Donners, Helen; Willems, Betty; Beirnaert, Els; Colebunders, Robert; Davis, David; van der Groen, Guido


Received: 18 September 2001; accepted: 24 September 2001.

In previous studies performed among patients seen at the HIV clinic, the Institute of Tropical Medicine, Antwerp, Belgium, a disproportionate number of African HIV-1-infected women were shown to have circulating antibodies that could neutralize different subtypes of primary HIV-1 isolates. However, some relevant factors were confounded because few Europeans were included in the first study [1], and most of the women in the second study were Africans [2]. The question is whether the disproportionate number of Africans occurs by chance or is a function of their sex or origin.

In this study, 168 plasma samples of African and European men and women (42 of each group) were screened in a randomized manner against primary CA4 (env subtype F), CA13 (env subtype H) from group M and VI686 from group O [1]. Sixteen plasma samples that cross-neutralized all three viruses were further tested against nine other primary isolates, belonging to group M (env A–H) and two of group O.

Neutralization indices (NI) were calculated for each plasma/isolate combination, i.e. the infectious virus titre, expressed in log10, in phytohaemagglutinin-stimulated peripheral blood mononuclear cell cultures divided by the titre after incubation in the presence of plasma. An NI greater than 1.0 (90% reduction) is taken as an indicator for neutralization.

The proportion of NI greater than 1.0 for each isolate tested was used in a binomial expansion to calculate the expected numbers of plasma samples that would neutralize none, one, two and three isolates. The expected values were compared with their observed values for each neutralization pattern and were then compared by χ2 analysis.

Sixteen out of 168 plasma samples (9.5%) neutralized the three isolates. Of these, 15 were Africans (P = 0.006) and one was European. Of the Africans, 10 were women (P = 0.009); the European was a woman.

From the 16 plasma samples that were able to neutralize the three isolates, only six of the African women, one African man and the European woman were able to neutralize 10 or 11 out of 11 of the wider range of isolates (P = 0.06; not statistically significant) (data not shown).

Although plasma from Africans showed a disproportionate number that could neutralize the three isolates, this phenomenom was also observed with the neutralization of one or two isolates (Table 1). The frequencies of neutralizing none, one, two or three isolates by plasma from Europeans showed a good fit with expected frequencies, indicating that the neutralization of one isolate did not influence the neutralization of the others. In contrast, for Africans there was a significant difference between expected and observed frequencies, and this is particularly evident in women.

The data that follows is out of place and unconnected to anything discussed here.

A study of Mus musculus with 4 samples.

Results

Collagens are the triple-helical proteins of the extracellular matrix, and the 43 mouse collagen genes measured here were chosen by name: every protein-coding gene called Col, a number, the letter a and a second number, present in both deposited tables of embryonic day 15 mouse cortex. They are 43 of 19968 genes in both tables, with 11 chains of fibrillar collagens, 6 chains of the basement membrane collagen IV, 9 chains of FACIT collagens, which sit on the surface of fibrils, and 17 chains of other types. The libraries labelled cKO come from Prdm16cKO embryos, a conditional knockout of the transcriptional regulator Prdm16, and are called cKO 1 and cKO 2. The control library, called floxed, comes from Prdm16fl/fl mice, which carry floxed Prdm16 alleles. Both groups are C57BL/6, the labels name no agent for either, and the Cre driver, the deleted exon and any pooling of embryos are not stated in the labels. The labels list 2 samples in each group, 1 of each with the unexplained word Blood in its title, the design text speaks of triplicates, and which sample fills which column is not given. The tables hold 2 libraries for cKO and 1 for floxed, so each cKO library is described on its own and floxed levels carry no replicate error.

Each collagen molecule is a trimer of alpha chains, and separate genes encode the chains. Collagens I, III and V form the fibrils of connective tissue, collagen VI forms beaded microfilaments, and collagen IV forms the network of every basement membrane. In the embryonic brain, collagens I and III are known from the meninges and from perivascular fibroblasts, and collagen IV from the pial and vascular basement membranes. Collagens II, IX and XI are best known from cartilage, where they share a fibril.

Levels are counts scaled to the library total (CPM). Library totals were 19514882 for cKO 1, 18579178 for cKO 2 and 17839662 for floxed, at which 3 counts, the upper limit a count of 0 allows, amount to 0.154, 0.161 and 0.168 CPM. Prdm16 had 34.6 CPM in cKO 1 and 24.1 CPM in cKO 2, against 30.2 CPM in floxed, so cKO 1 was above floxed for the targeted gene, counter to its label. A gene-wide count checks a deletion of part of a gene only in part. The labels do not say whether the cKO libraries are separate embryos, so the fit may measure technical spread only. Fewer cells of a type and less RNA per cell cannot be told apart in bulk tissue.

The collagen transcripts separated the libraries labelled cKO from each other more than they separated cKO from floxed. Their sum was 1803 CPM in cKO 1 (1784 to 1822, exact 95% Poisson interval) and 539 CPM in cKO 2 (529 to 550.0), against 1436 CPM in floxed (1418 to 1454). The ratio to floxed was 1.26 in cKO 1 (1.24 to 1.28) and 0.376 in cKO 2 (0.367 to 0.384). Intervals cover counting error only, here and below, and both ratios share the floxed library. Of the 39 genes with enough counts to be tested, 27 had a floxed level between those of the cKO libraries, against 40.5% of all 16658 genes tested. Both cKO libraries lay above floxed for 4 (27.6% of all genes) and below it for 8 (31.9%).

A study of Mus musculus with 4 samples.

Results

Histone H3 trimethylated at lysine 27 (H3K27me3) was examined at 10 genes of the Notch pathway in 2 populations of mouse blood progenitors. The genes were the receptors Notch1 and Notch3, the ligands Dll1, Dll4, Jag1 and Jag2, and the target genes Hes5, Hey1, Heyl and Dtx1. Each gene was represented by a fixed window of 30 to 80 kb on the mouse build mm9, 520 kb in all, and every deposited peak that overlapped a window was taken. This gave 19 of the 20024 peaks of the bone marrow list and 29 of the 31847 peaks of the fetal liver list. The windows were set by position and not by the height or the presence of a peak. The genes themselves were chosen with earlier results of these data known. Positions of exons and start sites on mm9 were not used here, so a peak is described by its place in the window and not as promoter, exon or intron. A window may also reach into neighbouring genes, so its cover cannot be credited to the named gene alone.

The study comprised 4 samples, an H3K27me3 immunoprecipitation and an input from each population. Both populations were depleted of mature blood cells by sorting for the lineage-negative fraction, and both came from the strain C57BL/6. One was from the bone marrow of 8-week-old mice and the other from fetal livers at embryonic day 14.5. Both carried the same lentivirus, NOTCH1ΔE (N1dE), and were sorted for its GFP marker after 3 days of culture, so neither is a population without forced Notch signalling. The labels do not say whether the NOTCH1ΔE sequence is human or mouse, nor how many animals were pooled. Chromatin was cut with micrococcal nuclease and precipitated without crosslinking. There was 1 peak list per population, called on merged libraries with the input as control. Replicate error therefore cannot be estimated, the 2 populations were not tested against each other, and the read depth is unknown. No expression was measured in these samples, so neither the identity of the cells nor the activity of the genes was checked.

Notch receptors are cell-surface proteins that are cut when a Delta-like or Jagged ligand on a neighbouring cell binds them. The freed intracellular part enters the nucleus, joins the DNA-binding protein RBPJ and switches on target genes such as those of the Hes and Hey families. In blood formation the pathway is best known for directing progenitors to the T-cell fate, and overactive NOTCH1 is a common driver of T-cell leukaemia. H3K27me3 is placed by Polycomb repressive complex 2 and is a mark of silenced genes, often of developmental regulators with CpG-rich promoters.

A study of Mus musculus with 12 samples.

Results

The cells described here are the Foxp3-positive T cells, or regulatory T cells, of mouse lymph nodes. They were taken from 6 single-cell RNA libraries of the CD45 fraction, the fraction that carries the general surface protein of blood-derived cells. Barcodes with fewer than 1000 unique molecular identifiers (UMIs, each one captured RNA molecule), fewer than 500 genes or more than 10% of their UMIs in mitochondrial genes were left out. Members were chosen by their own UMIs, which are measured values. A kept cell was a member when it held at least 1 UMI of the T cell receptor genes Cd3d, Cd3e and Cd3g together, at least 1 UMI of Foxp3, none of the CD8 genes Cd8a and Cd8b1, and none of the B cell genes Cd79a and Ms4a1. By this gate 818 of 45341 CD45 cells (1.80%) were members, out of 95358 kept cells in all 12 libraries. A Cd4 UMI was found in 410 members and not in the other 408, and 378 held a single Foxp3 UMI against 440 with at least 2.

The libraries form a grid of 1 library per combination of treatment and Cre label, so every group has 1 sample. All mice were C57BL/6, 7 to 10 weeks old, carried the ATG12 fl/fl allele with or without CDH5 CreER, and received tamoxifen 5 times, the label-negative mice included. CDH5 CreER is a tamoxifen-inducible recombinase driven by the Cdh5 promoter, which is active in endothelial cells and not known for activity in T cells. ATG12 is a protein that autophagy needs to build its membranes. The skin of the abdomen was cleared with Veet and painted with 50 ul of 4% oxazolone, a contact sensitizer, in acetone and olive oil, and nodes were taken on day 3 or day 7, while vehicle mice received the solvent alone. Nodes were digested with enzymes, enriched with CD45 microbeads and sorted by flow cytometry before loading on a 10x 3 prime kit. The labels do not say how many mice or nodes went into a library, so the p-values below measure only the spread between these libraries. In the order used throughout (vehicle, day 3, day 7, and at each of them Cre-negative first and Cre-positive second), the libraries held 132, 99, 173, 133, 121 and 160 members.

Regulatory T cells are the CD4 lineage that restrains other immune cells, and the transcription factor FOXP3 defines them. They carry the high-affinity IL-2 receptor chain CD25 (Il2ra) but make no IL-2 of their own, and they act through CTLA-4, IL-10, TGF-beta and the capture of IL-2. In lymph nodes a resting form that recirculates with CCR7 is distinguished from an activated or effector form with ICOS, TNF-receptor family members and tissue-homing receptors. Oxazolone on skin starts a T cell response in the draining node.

Table 1
Table 1

In contrast, 10 African women were able to neutralize all three isolates against an expected number of two or three. Although there was a similar trend among the African men, the distortion was not so evident because there were six plasma samples that were specific for either the subtype H or group O isolates, such that any difference from an assumed random distribution did not reach statistical significance (Table 1).

These observations are compatible with the idea that neutralization of the subtype H and group O isolates are not independent parameters in African women: the same set of antibodies may be able to neutralize both viruses. This resolves some of the anomalies obtained with previous results.

The disproportionate number of women with broad cross-neutralizing antibodies was probably a result of their being African, rather than because of their sex. In a previous study, we concluded that the neutralizing activity was antibody mediated [2]. Interestingly, Burrer et al. [3] also observed antibody-mediated neutralization, particularly in African women.

Our results show that there is a difference in neutralization patterns between African and European plasma, especially in African women. An attempt to generate human monoclonal antibodies from African women with broad cross-neutralizing capacity is ongoing.

Helen Donners

Betty Willems

Els Beirnaert

Robert Colebunders

David Davis

Guido van der Groen


2. Beirnaert E, Nyambi P, Willems B. et al. Identification and characterization of sera from HIV-infected individuals with broad cross-neutralizing activity against group M (env clade A–H) and group O primary HIV-1 isolates. J Med Virol 2000, 61: 14–24.

3. Burrer R, Salmon-Ceron D, Richert S. et al. Immunoglobulin G (IgG) and IgA, but also nonantibody factors, account for in vitro neutralization of human immunodeficiency virus (HIV) type 1 primary isolates by serum and plasma of HIV-infected patients. J Virol 2001, 75: 5421–5424.